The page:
A man is silhouetted near logos of the U.S. National Security Agency (NSA) and Wikipedia in this photo illustration taken in Sarajevo March 11, 2015. © 2015 Reuters

The plaintiffs are the Wikimedia Foundation, the Rutherford Institute, The Nation magazine, Amnesty International USA, PEN America, Human Rights Watch, the National Association of Criminal Defense Lawyers, Global Fund for Women, and Washington Office on Latin America.

A federal district court dismissed the lawsuit in October 2015, holding that the plaintiffs in the case had not plausibly alleged that their communications were being monitored by the NSA.

At issue is the NSA’s “upstream” surveillance, which involves the NSA’s tapping into the internet backbone inside the United States – the physical infrastructure that carries Americans’ domestic and international online communications. The NSA conducts this spying under Section 702 of the Foreign Intelligence Surveillance Act, which allows the agency to engage in warrantless surveillance of Americans who communicate with targets located abroad. Section 702 is scheduled to expire at the end of 2017.

“Innocent people shouldn’t have to look over their shoulders when using the internet,” said ACLU attorney Patrick Toomey, who argued in court before a three-judge panel of the US Court of Appeals for the Fourth Circuit. “The NSA is systematically searching online communications in real-time, invading Americans’ privacy on a massive scale. This illegal spying undermines constitutionally protected privacy and free speech rights.”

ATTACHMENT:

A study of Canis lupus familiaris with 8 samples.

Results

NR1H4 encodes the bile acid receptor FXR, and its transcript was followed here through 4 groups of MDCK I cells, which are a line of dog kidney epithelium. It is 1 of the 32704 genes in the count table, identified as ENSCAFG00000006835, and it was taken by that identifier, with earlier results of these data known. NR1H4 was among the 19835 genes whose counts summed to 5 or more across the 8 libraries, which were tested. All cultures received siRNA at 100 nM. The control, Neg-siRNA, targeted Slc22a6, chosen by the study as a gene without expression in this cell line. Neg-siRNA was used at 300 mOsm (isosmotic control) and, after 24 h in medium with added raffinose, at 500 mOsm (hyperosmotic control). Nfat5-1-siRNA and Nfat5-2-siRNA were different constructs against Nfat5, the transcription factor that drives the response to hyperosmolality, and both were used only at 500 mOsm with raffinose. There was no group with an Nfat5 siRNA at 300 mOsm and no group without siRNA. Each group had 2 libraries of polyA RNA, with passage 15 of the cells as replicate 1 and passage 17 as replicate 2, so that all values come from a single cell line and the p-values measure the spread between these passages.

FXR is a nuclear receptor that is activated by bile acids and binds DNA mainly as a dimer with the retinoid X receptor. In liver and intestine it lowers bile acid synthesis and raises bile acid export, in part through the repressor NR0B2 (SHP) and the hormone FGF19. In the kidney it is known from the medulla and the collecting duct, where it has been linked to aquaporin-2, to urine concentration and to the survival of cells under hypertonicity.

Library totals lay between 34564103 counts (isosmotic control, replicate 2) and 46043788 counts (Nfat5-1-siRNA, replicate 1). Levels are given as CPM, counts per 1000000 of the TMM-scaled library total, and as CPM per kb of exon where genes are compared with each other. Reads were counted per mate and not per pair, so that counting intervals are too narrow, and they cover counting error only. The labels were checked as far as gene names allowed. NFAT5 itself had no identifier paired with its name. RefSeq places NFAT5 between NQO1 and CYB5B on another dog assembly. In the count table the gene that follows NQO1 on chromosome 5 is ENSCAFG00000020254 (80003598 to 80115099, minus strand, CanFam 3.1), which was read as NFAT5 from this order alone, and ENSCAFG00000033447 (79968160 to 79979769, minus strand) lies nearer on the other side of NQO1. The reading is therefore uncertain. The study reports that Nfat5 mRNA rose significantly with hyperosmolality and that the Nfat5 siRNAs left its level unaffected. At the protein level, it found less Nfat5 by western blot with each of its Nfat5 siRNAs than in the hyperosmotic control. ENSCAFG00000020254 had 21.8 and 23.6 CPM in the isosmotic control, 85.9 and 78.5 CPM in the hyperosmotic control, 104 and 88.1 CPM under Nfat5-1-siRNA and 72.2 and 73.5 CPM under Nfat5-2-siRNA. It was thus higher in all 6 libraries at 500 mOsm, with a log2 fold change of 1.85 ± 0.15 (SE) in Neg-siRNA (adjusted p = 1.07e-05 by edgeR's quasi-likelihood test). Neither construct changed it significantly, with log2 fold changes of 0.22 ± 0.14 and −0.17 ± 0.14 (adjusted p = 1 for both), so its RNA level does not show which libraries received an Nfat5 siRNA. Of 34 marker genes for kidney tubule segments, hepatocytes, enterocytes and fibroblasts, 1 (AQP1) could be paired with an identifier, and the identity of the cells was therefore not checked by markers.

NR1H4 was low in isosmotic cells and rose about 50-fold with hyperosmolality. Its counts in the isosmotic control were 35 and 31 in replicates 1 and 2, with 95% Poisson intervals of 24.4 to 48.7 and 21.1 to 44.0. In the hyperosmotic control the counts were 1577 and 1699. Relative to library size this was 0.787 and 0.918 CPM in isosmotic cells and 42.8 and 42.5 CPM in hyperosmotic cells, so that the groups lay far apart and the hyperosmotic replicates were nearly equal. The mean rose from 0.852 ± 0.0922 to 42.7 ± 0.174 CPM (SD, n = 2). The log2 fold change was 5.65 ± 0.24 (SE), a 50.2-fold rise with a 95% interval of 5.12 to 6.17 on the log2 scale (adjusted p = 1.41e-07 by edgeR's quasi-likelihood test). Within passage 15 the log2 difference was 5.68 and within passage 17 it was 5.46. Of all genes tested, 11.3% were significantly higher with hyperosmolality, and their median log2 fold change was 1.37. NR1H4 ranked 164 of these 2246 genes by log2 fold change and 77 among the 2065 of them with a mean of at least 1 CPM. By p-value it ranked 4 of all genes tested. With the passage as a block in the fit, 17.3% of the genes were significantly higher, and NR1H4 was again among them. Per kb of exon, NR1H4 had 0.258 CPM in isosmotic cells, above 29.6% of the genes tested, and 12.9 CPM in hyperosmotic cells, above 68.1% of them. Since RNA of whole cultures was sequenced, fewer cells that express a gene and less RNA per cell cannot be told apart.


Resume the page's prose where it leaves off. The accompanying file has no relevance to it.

The government has argued that the plaintiffs do not have standing to challenge the surveillance because they have not adequately alleged that their communications are being intercepted. However, public disclosures and reports show that the government is copying and reviewing virtually all text-based communications entering and leaving the country, of which the plaintiffs have many.

“Make no mistake: ‘upstream’ scanning is warrantless mass surveillance, and it violates the rights of Americans and people around the world,” said Sarah St Vincent, surveillance researcher at Human Rights Watch. “The courts and Congress urgently need to rein in the deeply flawed law that underpins it, Section 702 of the Foreign Intelligence Surveillance Act. The law is set to expire at the end of 2017, and we will be fighting to bring any renewed version into line with human rights.”

In the course of its surveillance, the NSA copies and combs through vast amounts of internet traffic, which it intercepts inside the United States with the help of major telecommunications companies like Verizon and AT&T. The NSA searches that traffic for keywords called “selectors” that are associated with tens of thousands of targets.

The district court’s ruling cited the Supreme Court’s decision in a previous ACLU lawsuit challenging the NSA’s warrantless wiretapping program, Clapper v. Amnesty. The Supreme Court dismissed that case in February 2013 in a 5–4 vote on the grounds that the plaintiffs could not prove that they had been spied on.

Following Clapper, however, documents released by Edward Snowden and official government disclosures revealed the existence and breadth of upstream surveillance. Unlike the surveillance considered by the Supreme Court in Clapper, upstream surveillance is not limited to the communications of NSA targets. Instead, the NSA is searching the content of nearly all text-based internet traffic entering or leaving the country – as well as many domestic communications – looking for thousands of key terms such as email addresses or phone numbers.